Movie Review: 'Holler' is Authentic Rust Belt Drama
Tired of Hollywood's stereotypical rube characters, Nicole Riegel crafts an authentic midwestern, rust belt drama in Holler.
Thank you Nicole Riegel! Nicole Riegel is the director of the new drama, Holler and for once, a movie set in the rust belt isn’t defined by terrible clothes and bad wigs. Riegel, a native of a small town in Southern Ohio, has made a movie in Holler that brushes aside Hollywood stereotypes about midwestern hicks and Appalachian residents and found an authentic way to tell a story about being below the poverty line, one that doesn’t waste millions of dollars on terrible wigs and bad teeth.
Holler stars Jessica Barden as Ruth, a High School student on the verge of graduating. Ruth’s brother, Blaze (Gus Halper) is intent on sending her to college but Ruth doesn’t believe it is possible. The pair live in a squalid home, well below the poverty line and their mother, Rhonda (Pamela Adlon), is of no use as she is currently in jail on drug charges. Brother and sister scrape by on the little money they make selling scrap at a local scrap yard, certainly not a job that will provide enough for online courses, let alone a full ride at a big college.
The plot of Holler kicks in when Ruth and Blaze become fed up with the scrap dealer, Hark (Austin Amelio), and demand better payouts on the scrap they bring in. Respecting their moxie, Hark recruits them to work for him. The job will have them give up their home to move into Hark’s house, outside of town, they were being evicted from their home anyway. By day, the two will work at the scrap yard but at night, they will join Hark’s crew as they sneak into defunct factories in the area and steal whatever copper and valuable metal they can steal.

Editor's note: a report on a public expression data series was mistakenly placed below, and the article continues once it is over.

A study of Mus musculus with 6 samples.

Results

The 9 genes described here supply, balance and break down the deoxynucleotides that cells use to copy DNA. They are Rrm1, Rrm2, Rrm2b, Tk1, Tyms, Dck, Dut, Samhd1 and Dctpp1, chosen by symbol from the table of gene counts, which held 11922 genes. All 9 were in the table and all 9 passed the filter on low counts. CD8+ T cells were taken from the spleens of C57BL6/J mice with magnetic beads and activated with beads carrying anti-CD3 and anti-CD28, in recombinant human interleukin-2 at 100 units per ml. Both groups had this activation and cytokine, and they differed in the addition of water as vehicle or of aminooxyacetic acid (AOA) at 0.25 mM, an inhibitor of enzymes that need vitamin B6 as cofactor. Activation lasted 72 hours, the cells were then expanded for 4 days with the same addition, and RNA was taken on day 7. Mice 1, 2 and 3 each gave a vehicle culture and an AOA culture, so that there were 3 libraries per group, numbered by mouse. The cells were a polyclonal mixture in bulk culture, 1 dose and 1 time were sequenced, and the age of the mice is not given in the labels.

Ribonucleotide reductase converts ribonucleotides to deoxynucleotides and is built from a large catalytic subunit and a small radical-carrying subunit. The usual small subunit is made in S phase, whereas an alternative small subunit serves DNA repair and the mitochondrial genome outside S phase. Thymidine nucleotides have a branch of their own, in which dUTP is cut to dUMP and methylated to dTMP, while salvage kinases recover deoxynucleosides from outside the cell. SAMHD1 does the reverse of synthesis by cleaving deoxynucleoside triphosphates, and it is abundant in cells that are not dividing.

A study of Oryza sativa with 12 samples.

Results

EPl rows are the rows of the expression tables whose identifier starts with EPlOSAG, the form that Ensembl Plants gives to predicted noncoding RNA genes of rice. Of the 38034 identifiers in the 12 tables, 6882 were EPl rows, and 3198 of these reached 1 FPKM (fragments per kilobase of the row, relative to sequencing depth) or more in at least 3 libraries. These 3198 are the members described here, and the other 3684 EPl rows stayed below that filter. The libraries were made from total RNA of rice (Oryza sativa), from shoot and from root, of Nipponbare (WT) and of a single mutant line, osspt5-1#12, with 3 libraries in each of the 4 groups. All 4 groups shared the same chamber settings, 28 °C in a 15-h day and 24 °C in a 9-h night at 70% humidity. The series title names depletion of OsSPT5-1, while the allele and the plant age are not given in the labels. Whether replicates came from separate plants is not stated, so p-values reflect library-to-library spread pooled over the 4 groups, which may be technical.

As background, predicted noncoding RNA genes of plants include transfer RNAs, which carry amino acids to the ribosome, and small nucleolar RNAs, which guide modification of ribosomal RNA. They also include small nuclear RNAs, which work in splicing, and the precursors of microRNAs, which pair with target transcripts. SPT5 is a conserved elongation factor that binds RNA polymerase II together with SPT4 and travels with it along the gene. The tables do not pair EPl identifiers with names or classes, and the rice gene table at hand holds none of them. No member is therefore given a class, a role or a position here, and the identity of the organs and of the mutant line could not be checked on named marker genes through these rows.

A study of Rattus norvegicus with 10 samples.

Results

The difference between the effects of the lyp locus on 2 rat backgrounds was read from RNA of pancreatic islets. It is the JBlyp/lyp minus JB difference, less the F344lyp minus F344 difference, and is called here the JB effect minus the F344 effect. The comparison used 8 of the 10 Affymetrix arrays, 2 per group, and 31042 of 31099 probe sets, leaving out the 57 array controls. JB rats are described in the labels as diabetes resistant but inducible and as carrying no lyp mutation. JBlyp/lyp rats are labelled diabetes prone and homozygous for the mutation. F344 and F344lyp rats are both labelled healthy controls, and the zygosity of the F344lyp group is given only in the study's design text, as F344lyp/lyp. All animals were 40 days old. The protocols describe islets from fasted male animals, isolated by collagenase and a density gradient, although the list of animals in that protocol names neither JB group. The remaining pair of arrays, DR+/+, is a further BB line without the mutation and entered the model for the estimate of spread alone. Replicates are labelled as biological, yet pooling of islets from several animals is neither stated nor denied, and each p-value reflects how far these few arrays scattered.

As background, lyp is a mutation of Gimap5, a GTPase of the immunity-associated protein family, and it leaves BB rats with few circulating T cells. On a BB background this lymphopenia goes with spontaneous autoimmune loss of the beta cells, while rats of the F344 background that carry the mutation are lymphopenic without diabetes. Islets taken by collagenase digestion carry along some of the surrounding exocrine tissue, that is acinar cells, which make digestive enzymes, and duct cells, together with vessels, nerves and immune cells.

It’s a dangerous and illegal job but given that these factories have sat unused, monuments to the greed of decades of corrupt manufacturers and Wall Street fat cats, it does feel like a victimless crime. Ruth even begins to take a liking to her new role. The money is not bad, certainly better than before and the crew has the feel of a misshapen family with Hark at the head. Blaze however, has a surprise in store, he’s applied to a college and Ruth has gotten in. Blaze wants Ruth to just go, take his truck and never look back.
The conflict between practical matters and the desire for a dream to come true is at the heart of Holler. Repeatedly throughout the movie, a teacher pops up as a true villain. He takes one look at Ruth and decides that her best bet isn’t college, it’s trade school, at best. He continually stands in her way and is not the least bit caring or understanding regarding her need to work nights and weekends and how this affects her ability to turn in assignments on time in his class. The teacher is not a major character, but he’s used effectively to demonstrate how the traditional structures of society can be imposing for those trying to overcome them.
Jessica Barden is a revelation in Holler. Her performance has the authenticity that drives really great storytelling. That comes from Barden’s remarkable talent but also from director Nicole Riegel, an auteur in the making, who uses the character of Ruth and by extension, Barden, to tell her own true story. Riegel shot Holler in her hometown of Jackson, Ohio, at a scrapyard like the one she’d sold scrap to when she was younger. The director was incredibly hands-on and when Barden works with equipment in the movie, you can be sure, Riegel did it first and from previous experiences.
You might assume right off the bat that since this is set in Southern, Ohio, near Appalachian country, that drugs, opioids or Meth, would play a role in the movie but they don’t. Rather than portray this part of the country as Hollywood does, Riegel set out to tell an authentic story from her own memories and experiences and that meant eschewing the Hollywood tropes, shooting handheld and going low budget to create a movie that exists in a reality people in that area will recognize, a below the poverty line story that isn’t dictated by stereotypes or shorthand.